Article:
Microsoft chief Satya Nadella pushes new services from the world's largest software maker. But his controversial comments on women in tech earlier this month remain a focus of attention.


SAN FRANCISCO -- Satya Nadella may want everyone to know Microsoft is the king of the cloud, but attention remained on his comments about how women at tech firms shouldn't ask for raises.

Nadella, CEO of the world's biggest software company, appeared here Monday with Microsoft's cloud and enterprise executive vice president, Scott Guthrie, to tout the talking points Nadella has hammered home since he took over as Microsoft's chief in February. Nadella wants to make Microsoft less reliant on its Windows operating system software, which represents the majority of revenue, and is promoting cloud platforms and productivity apps that work across a range of devices that run Windows, Apple's Mac and iOS platforms, Google's Android software and the Linux open-source platform.

But the question-and-answer session that followed Nadella's cloud pitch turned to his comments that women working for tech firms shouldn't ask for pay raises. Nadella, speaking earlier this month at the Grace Hopper Celebration of Women in Computing in Phoenix, said that women should have "faith that the system will actually give you the right raises as you go along." Today, he said that men and women get paid equally at Microsoft.

Women represent 29 percent of Microsoft's workforce, with only 17 percent working directly in technology. A new report published in September said women at tech companies earn $6,358 less than their male counterparts, while women with at least one child earn $11,247 less than everyone else.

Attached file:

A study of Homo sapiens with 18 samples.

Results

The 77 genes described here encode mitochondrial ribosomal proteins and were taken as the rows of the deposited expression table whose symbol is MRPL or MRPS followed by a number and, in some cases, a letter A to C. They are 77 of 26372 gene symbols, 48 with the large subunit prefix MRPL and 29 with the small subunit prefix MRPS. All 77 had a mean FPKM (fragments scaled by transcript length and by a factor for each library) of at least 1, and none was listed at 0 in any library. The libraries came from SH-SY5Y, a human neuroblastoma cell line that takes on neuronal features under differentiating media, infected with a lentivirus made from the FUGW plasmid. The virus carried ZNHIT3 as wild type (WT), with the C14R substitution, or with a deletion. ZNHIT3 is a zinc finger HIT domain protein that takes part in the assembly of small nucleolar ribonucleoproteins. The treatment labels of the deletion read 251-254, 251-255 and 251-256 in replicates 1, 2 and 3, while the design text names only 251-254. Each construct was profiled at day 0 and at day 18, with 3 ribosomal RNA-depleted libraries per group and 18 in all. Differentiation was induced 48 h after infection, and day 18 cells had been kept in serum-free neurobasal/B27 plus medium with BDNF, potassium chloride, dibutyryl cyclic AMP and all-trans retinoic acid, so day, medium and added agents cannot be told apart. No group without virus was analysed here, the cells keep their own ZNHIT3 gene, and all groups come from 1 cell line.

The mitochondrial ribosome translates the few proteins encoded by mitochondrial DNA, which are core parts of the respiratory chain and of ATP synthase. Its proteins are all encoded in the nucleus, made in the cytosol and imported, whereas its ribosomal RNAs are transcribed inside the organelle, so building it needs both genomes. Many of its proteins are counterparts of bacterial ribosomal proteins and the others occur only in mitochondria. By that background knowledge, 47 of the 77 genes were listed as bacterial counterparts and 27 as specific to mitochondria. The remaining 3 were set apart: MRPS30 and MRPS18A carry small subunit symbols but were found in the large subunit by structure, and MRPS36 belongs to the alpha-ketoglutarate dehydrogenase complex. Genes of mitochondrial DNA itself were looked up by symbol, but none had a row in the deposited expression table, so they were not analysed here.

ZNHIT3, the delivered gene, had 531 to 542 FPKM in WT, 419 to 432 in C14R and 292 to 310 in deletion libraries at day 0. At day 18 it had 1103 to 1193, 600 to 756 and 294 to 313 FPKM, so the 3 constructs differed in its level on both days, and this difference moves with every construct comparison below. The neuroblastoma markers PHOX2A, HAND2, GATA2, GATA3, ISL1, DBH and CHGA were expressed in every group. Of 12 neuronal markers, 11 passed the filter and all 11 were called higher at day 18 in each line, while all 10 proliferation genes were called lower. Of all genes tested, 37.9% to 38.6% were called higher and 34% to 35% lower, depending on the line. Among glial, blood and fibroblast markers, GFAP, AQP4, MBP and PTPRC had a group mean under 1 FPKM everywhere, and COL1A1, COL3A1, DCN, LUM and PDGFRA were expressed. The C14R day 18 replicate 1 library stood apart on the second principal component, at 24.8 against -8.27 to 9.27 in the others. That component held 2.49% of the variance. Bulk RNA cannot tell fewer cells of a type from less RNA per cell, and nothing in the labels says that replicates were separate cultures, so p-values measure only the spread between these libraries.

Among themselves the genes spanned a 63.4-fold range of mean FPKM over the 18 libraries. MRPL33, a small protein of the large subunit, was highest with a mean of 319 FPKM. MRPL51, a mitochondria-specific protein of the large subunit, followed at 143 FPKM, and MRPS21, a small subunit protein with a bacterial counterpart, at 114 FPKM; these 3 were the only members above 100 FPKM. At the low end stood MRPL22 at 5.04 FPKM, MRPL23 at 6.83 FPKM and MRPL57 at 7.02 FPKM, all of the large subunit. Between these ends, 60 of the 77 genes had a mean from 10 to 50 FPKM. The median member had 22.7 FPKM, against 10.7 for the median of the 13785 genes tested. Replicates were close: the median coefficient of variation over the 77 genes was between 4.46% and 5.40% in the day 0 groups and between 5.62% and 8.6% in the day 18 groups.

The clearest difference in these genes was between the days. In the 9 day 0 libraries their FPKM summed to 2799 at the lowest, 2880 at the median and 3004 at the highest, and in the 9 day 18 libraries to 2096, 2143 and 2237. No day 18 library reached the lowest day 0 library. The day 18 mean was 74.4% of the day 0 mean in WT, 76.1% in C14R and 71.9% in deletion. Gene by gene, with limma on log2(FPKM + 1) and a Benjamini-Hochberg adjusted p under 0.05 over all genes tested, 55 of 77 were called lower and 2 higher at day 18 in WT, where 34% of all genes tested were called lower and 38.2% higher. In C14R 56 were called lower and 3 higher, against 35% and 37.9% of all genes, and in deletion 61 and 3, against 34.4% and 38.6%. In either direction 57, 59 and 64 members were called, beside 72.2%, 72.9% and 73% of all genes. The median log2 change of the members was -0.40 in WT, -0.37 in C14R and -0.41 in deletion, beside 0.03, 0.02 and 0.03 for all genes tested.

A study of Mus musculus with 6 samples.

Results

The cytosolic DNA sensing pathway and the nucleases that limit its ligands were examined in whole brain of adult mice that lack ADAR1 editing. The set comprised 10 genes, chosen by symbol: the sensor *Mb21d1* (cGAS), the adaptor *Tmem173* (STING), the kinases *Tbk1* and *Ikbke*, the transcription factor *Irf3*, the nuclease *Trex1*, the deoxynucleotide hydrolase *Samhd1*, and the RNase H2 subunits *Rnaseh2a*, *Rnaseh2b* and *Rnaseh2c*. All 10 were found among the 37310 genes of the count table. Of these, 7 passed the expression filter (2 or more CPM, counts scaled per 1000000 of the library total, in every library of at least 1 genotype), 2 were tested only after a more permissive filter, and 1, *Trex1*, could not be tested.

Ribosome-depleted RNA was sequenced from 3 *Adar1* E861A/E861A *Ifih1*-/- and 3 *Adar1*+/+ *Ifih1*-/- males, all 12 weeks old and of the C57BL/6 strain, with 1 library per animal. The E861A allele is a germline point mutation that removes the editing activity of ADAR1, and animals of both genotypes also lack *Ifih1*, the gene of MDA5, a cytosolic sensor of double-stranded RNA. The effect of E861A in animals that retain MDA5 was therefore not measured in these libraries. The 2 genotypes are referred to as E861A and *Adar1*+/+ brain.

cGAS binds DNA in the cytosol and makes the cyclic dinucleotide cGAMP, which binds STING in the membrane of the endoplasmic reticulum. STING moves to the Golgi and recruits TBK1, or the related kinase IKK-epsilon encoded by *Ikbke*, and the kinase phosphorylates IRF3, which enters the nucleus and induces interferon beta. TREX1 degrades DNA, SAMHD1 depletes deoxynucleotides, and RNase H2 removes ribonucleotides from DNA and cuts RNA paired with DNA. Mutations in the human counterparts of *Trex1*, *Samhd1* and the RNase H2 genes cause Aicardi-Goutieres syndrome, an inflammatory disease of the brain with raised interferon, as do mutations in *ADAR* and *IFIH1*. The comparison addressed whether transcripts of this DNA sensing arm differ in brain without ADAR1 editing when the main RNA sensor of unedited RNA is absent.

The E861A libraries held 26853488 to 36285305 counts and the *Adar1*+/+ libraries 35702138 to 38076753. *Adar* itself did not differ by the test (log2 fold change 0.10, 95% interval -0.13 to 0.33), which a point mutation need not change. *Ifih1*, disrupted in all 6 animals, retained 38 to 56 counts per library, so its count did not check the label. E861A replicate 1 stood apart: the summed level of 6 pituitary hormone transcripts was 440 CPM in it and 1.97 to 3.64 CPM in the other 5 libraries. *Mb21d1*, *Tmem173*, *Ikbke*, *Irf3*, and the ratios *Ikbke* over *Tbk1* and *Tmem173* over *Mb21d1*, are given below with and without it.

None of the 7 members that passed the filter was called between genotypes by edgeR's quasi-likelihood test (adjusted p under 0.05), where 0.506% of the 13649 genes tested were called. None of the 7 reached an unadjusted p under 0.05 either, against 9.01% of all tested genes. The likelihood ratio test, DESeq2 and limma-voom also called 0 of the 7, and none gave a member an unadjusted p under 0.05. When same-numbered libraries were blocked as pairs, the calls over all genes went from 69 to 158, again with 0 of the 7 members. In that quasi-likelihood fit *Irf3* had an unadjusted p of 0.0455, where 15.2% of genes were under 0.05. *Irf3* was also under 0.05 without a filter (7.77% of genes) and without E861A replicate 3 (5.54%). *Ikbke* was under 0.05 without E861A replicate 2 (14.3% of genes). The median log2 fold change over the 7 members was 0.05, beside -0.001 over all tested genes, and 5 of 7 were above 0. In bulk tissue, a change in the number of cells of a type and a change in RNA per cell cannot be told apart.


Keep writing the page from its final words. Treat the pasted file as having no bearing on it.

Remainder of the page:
"I was insensitive to the broader context," Nadella said today. Following his blunder, for which he apologized in public statements and in a blog post, he said he found no pay gap between men and women at Microsoft. "It turns out that we are in good shape on that, but that doesn't really capture the essence... and that is equal opportunity."

"We have a lot more to do," Nadella said, adding, "How do we get women to come back after they've taken a break?"

Nadella didn't proffer any answers.

Today's event was intended to tout several new Azure cloud services and how Microsoft believes its offering stacks up against competing cloud computing services from Amazon and Google. Mobile-first and cloud-first are the keystones of Microsoft's new strategy since Nadella took over from longtime former chief Steve Ballmer. The company is focused on a "ubiquitous platform" made up of the consumer-oriented Office 365, its Web-based productivity suite; Azure, its widely used cloud server and storage business; and Dynamics, its enterprise-planning and customer-management application suite, Nadella said.

Azure, a business that generates $4.4 billion in annual sales, is used by 80 percent of Fortune 500 companies. Guthrie said that 40 percent of Azure revenue comes from startups and independent software vendors.

Azure, Nadella said, has the biggest global footprint of any cloud service, with 19 global regions including two opening in Australia next week. "That's six times the number of regions that Google Cloud has," he said.